Rather than getting all aggravated watching the South Carolina GOP primary acceptance and concession speeches yesterday, I took my family to a nearby Cineplex to see Red Tails, the just-out inspiro-pic about the Tuskegee airmen.
Judging by the various Twitter feeds eminating from South Carolina, I made a brilliant decision. The movie audience was, well, the photographic negative of the GOP primary. Our family provided the ocular counterparts to Herman Cain, only slightly more conspicuous by my developmentally disabled brother-in-law, who was one of several people in the audience moved to occasionally become active participants in the dialogue onscreen. The movie was alright, predictably fun for what it was.
We stumbled into a surprisingly sweet moment for many of the families there, many of whom brought their kids to celebrate the history behind the film, and maybe to see a mainstream Hollywood blockbuster with a virtually 100% black cast. The crammed-in audience seemed to be a broad cross-section of the southland African-American community, many shapes, sizes, ages. Judging by the cars in the parking lot, it was a diverse economic group, too. People paid $11 per ticket to celebrate the excellence of those airmen, who triumphed over both the Luftwaffe and Americans segregatists.
Some symbols of that segregationist system survive. The South Carolina GOP remains wedded to confederate flags which so disfigure that state’s capital grounds. South Carolina is 28% African-American. Yet its GOP primary was 98% white, won by a candidate who snarled at Juan Williams over the Martin Luther King holiday, made thinly-coded barbs about Barack Obama as the Food Stamps president, and more.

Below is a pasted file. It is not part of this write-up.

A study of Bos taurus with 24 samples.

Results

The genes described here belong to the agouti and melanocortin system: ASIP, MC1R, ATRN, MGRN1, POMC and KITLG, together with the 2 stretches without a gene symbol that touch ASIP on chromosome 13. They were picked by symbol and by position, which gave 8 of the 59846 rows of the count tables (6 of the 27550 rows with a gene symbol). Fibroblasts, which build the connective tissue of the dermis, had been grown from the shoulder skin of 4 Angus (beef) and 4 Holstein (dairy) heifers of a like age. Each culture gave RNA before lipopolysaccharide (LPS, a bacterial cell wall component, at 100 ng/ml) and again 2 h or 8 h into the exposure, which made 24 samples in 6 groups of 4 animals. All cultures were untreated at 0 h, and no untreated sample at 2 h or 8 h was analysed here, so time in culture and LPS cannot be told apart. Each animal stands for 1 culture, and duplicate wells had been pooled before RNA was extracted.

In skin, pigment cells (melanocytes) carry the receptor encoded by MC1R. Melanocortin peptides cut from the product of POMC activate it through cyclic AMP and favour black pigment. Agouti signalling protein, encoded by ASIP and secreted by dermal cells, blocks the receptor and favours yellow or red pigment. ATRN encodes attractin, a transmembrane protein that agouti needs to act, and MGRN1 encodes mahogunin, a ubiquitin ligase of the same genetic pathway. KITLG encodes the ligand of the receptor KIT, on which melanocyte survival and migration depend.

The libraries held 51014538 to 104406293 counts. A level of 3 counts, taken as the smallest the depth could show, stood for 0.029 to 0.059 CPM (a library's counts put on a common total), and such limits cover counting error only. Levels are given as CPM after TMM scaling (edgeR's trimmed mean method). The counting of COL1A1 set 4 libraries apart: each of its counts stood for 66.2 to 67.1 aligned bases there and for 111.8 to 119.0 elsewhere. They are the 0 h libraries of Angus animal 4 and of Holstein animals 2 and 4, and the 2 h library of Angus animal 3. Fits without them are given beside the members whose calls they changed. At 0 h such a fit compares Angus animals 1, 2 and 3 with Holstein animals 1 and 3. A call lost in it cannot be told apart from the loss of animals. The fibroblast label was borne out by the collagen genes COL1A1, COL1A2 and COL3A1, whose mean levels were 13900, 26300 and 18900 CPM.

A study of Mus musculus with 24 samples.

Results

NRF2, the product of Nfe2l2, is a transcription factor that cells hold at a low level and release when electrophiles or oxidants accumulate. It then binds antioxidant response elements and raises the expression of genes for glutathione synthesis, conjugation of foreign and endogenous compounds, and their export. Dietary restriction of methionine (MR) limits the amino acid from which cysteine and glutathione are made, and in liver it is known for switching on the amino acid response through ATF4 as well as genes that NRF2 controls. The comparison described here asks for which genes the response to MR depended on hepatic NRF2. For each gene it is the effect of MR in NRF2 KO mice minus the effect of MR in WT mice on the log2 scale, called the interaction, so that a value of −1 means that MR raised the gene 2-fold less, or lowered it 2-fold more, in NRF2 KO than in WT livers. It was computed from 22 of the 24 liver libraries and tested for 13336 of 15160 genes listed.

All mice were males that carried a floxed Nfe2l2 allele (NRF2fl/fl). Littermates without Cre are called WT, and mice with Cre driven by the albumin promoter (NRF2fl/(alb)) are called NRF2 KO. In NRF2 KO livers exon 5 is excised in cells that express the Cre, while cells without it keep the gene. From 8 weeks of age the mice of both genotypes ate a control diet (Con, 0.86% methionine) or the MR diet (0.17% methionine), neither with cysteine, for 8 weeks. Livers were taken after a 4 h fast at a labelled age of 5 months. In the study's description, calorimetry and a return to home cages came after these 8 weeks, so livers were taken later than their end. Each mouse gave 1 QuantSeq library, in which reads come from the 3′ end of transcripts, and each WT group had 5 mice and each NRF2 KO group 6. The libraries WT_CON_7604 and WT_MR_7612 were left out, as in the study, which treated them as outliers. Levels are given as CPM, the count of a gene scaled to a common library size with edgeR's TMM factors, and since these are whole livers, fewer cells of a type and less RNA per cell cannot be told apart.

Today, Gingrich commented: “Saul Alinsky radicalism is at the heart of Obama.” Given Gingrich’s long-ago but still repellent cracks about Democrats’ Woody Allen non-family values, I’m somehow not surprised that he picked Alinsky rather than (say) Tom Watson as his preferred boogeyman representation of the President’s supposed radicalism. In any event, as Jeffrey Goldberg has tweeted, Alinsky was a lot more patriotic than the secessionists of South Carolina.
It’s sad to see so many white working class South Carolinians–people who might actually benefit from health care reform, progressive taxation, and stronger social insurance programs such as Food Stamps–embrace a stridently conservative candidate so conspicuously lacking in personal and professional integrity. To update LBJ, all these voters seem to hear at election time is “Obama, Obama, Obama.”
The South Carolina GOP primary may bring political spillovers for Democrats. President Obama’s Intrade numbers are up. Mr. Gingrich’s ascent remains depressing. Fortunately, there is more to America than this narrow primary: the Tuskegee airmen, for example, and the people who remember and celebrate them.